Yesterday saw two major court dramas happening in South Africa. But it was not only local media that lapped up the sensational stories – international media also paid close attention to what was happening on local ground. TheMediaOnline reports.
Digital Data Insight Africa, a media monitoring company, has compared the attention attracted by the murder trials of UK businessman Shrien Dewani – accused of masterminding the murder of his bride, Anni, in Khayelitsha, Cape Town – and Oscar Pistorius, the famous Paralympian who shot dead his girlfriend, Reeva Steenkamp, on Valentine’s Day in his Pretoria home last year.
Dewani arrived in Cape Town on Tuesday morning after a lengthy extradition process from the United Kingdom. He made his first appearance in a local court shortly after he touched down in a private aircraft at Cape Town International Airport. On Monday – the day on which he left his mother country – Dewani stories were receiving quite a bit of attention in local media. According to data gathered in the 24 hours from 4pm Sunday to 4pm Monday, at least one in five articles in the South African media covering the two murder cases focused on Dewani. (See the graph below)
The Pistorius trial again dominated the news media, with the so-called ‘Blade Runner’ taking the lion’s share of coverage in South Africa, standing at 77.81 percent, according to DDI.
That might sound like a lot, but compared to other countries, South Africa was not the country covering the Pistorius trial the most in the world. In that 24-hour period measured, the countries yielding the most publicity for the Pistorius trial were the United States, United Kingdom, Germany, Australia and France followed by South Africa in sixth place. (See graph below).
Perhaps this is because South Africa has so much other news to report on too, such as the Nkandla report by public protector Thuli Madonsela on expensive security upgrades done to President Jacob Zuma’s private home in KwaZulu-Natal. The Nkandla report, titled ‘Secure in Comfort’, continued to make news headlines despite Pistorius taking the stand for the first time on Monday. (See graph below).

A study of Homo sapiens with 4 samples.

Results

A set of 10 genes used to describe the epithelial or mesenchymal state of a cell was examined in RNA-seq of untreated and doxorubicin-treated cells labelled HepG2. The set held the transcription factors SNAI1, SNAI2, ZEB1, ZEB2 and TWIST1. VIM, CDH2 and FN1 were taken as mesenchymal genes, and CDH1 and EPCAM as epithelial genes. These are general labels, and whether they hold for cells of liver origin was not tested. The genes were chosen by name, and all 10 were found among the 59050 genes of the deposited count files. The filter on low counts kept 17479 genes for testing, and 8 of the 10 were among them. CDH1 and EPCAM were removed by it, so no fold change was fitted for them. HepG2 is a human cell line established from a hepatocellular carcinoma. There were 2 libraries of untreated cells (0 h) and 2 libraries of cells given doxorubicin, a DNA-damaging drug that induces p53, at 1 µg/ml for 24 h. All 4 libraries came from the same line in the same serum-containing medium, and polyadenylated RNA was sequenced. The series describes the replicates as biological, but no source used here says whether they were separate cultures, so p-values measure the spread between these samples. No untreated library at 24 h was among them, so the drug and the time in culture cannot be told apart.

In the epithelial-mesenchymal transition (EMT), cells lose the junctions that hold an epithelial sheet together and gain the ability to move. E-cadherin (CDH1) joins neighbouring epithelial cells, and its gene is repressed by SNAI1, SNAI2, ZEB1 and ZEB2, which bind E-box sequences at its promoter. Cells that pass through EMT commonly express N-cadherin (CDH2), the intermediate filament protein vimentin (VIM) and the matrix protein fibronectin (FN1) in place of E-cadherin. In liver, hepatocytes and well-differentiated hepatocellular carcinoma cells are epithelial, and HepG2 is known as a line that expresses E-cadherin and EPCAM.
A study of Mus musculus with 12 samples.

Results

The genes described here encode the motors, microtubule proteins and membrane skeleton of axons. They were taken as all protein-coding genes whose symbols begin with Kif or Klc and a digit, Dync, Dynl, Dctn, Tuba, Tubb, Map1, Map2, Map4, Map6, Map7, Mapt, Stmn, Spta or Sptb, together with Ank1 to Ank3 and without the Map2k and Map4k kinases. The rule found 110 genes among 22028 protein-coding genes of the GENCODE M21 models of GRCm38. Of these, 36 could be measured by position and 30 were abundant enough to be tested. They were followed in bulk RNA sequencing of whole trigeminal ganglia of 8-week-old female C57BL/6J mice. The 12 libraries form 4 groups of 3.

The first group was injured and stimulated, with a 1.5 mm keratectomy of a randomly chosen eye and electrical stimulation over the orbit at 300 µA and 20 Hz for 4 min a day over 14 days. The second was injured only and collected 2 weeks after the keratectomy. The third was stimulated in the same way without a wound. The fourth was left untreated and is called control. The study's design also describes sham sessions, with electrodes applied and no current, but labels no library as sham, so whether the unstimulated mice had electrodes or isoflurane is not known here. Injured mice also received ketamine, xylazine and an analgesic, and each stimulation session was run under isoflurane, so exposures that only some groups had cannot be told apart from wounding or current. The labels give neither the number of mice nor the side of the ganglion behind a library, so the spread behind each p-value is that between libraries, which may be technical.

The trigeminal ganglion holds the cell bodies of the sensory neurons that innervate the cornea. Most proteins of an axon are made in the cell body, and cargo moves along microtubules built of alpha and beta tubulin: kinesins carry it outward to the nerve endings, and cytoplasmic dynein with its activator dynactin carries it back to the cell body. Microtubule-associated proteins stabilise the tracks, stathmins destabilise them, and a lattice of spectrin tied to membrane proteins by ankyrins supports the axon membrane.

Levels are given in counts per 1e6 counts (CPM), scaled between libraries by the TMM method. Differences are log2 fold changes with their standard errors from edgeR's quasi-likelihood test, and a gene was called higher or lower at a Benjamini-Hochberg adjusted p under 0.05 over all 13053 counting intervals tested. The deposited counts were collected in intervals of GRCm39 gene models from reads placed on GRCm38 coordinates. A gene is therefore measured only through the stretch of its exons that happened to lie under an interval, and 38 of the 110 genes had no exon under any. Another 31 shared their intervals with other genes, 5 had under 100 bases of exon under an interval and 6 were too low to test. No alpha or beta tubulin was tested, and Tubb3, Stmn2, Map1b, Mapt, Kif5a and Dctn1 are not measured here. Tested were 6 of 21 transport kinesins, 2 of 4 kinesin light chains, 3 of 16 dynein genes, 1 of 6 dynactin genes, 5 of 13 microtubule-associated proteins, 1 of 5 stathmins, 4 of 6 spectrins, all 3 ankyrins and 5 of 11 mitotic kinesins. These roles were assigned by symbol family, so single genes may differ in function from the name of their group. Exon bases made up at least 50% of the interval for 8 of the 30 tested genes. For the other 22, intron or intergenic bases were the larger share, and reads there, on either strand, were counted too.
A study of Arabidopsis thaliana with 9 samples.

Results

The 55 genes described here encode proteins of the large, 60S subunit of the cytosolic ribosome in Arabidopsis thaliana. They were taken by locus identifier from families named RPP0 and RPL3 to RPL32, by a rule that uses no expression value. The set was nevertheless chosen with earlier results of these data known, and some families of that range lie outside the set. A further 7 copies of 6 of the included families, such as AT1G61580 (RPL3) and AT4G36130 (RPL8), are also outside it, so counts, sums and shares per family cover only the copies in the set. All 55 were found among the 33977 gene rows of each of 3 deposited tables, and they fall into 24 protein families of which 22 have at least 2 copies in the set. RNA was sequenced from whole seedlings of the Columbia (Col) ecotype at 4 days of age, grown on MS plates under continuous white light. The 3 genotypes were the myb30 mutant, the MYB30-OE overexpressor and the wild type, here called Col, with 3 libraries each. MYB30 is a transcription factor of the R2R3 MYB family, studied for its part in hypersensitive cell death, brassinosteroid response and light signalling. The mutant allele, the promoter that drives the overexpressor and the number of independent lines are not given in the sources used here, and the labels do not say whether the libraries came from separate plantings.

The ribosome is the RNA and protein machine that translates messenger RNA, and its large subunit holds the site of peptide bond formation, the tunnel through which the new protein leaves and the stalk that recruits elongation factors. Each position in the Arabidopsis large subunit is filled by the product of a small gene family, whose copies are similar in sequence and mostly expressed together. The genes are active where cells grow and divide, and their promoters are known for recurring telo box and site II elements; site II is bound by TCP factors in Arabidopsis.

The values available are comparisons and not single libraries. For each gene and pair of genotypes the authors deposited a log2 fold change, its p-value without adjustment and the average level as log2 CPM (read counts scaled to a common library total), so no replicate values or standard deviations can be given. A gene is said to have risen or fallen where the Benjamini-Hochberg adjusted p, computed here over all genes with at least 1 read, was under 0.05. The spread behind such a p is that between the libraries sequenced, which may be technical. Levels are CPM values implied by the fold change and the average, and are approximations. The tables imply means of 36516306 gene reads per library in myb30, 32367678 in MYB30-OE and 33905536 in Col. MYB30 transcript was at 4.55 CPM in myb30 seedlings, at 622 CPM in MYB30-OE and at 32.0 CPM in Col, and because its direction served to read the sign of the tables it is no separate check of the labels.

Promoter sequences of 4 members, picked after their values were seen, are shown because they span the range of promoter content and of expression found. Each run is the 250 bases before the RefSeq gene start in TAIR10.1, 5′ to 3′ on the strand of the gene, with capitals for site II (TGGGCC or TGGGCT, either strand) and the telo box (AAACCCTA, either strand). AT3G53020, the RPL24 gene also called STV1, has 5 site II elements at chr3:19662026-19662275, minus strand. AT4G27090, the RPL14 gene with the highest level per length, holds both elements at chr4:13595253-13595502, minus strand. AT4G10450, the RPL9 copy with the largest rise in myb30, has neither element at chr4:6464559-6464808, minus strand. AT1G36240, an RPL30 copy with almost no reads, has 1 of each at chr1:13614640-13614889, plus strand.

When Pistorius took the stand on Monday, the trial yielded the second-highest amount of coverage since it started last month. According to DDI, the trial generated more than 67 000 unique media items. (See below).
DDI also predicted that the sixth week of the trial would generate the most coverage so far. A quick glance at the graph above shows that it already drew a lot of attention for just the first day.
Lastly, the legal ‘celebrities’ in the Pistorius trial also continued to attract attention. While defence lawyer Barry Roux was the topic of most online conversations in the first part of the trial, state prosecutor Gerrie Nel seems to be catching up quickly, now that he started cross-examination. Nel was the talk of the town after his cross-examination of pathologist Jan Botha. He made a “massive impact in the media – world-wide”, according to DDI. (See below)
DDI data was compiled from more than six million online platforms including blogs and social networks, global newspapers, 66 radio and television stations and local print publications.